What’s the difference? Sugar beets vs. Sugarcane and Other Sugar Basics

May 16, 2016

Most of the sugar in the world comes from two sources: sugarcane and sugar beets. So what’s the difference?

Sugar, or sucrose, is a naturally occurring carbohydrate found in all fruits and vegetables. Most of the sugar in the world comes from two sources: sugarcane and sugar beets. So what’s the difference?

Sugarcane is a type of tropical grass that grows well in warm, moist, and tropical climates. Four states produce sugarcane: Florida, Hawaii, Louisiana and Texas. It can reach 10-20 feet in height, and it is harvested by chopping off the stems or canes while leaving the roots so that the plant can grow again, making it a highly stainable crop. The process of separating sugar from the plant is accomplished in two steps, first at a mill and then at a refinery. Cane accounts for approximately 80% of the sugar produced.

Sugar beets on the other hand, flourish in temperate climates where the soil is rich; the growing season lasts about five months. Farms can be found in California, Colorado, Idaho, Michigan, Minnesota, Montana, Nebraska, North Dakota, Oregon, and Wyoming. Sugar beets are an underground root crop and need to be planted yearly. Since sugar beets are grown and harvested seasonally, factories generally operate for a campaign (a period of time) of four to seven months. During this time, facilities operate 24/7!

Pure cane sugar is non-GMO. Beet sugar can be derived from genetically modified plants. Currently, the US does not require labels to designate whether the sugar is derived from sugar cane or beets. The one way to tell is to look for "Pure Cane Sugar" on the package.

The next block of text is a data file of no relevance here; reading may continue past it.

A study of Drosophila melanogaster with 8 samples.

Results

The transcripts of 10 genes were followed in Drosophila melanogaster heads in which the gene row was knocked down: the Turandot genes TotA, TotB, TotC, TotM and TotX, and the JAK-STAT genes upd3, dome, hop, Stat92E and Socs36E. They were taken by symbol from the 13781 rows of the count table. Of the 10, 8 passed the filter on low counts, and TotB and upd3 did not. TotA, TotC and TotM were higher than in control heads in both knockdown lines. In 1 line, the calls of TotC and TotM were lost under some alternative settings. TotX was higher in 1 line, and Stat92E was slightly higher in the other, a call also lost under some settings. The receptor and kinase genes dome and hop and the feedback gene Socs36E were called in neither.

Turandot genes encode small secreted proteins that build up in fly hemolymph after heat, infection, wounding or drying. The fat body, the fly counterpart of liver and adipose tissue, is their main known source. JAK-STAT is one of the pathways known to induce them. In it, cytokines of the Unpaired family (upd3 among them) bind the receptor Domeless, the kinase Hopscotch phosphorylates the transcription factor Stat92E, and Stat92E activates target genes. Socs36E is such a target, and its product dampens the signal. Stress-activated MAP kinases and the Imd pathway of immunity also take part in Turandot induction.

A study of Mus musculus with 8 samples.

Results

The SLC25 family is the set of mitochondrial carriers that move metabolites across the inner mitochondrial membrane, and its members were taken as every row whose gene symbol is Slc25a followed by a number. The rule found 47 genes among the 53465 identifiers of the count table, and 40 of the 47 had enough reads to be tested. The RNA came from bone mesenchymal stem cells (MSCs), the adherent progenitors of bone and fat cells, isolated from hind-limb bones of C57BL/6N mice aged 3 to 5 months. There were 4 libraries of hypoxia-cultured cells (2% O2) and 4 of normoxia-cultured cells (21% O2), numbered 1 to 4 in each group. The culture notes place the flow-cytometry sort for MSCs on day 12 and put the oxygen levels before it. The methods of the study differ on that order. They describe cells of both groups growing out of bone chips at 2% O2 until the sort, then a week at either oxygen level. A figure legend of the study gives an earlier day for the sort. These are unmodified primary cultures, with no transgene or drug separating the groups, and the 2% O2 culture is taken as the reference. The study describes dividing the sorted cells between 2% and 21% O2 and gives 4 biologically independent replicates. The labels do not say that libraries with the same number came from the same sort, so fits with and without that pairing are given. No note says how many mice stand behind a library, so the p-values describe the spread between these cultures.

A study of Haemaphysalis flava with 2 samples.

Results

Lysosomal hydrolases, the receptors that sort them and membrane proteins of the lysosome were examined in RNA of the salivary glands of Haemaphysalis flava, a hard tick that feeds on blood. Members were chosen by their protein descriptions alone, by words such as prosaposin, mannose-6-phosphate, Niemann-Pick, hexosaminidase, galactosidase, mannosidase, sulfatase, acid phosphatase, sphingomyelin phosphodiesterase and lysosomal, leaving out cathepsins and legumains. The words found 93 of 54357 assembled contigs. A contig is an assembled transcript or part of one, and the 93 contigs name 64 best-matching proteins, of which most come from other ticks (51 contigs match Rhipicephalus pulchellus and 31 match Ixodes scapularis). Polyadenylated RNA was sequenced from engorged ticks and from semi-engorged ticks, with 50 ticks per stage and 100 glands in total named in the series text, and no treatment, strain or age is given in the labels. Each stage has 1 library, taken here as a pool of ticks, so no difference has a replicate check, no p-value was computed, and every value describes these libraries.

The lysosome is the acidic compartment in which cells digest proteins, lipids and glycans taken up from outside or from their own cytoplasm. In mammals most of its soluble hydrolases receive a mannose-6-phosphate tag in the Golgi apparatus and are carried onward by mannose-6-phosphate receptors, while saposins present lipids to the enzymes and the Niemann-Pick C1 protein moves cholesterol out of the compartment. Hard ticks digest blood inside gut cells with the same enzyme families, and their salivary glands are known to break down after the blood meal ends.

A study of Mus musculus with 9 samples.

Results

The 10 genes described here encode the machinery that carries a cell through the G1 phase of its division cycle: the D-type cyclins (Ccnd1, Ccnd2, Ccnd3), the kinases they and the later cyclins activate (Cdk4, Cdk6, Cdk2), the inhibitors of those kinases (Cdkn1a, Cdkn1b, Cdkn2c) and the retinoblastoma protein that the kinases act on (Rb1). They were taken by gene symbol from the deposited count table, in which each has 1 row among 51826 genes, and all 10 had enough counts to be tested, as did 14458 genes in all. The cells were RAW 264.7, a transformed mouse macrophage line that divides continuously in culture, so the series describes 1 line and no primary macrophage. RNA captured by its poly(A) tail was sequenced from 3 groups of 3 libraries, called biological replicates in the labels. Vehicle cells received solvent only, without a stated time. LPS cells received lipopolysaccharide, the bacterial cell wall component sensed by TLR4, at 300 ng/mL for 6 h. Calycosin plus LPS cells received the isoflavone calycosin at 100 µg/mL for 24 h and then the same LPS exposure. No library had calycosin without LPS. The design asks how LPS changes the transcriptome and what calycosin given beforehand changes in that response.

Sugar products:

  • Powdered sugar is just white sugar (refined) that is ground into powder.
  • Turbinado sugar is raw sugar that has been refined to a light tan color by washing to remove surface molasses.
  • Brown sugar consists of sugar crystals coated in a molasses syrup. Many sugar refiners produce brown sugar by boiling a special molasses syrup until the sugar crystals form. A centrifuge spins the crystals dry. Some of the syrup remains giving the sugar its color and molasses flavor.  Brown sugar can also be produced by blending a molasses syrup with white sugar crystals.
  • Demerara sugar is a light brown sugar with large golden crystals, which are slightly sticky from the molasses.
  • Raw sugar comes from cane sugar that is ground and pressed to extract the sweet liquid. Crystals that form in the liquid are considered raw sugar. It is then filtered and dried.

Granulated sugar will last indefinitely if stored in an airtight container in a cool, dry place.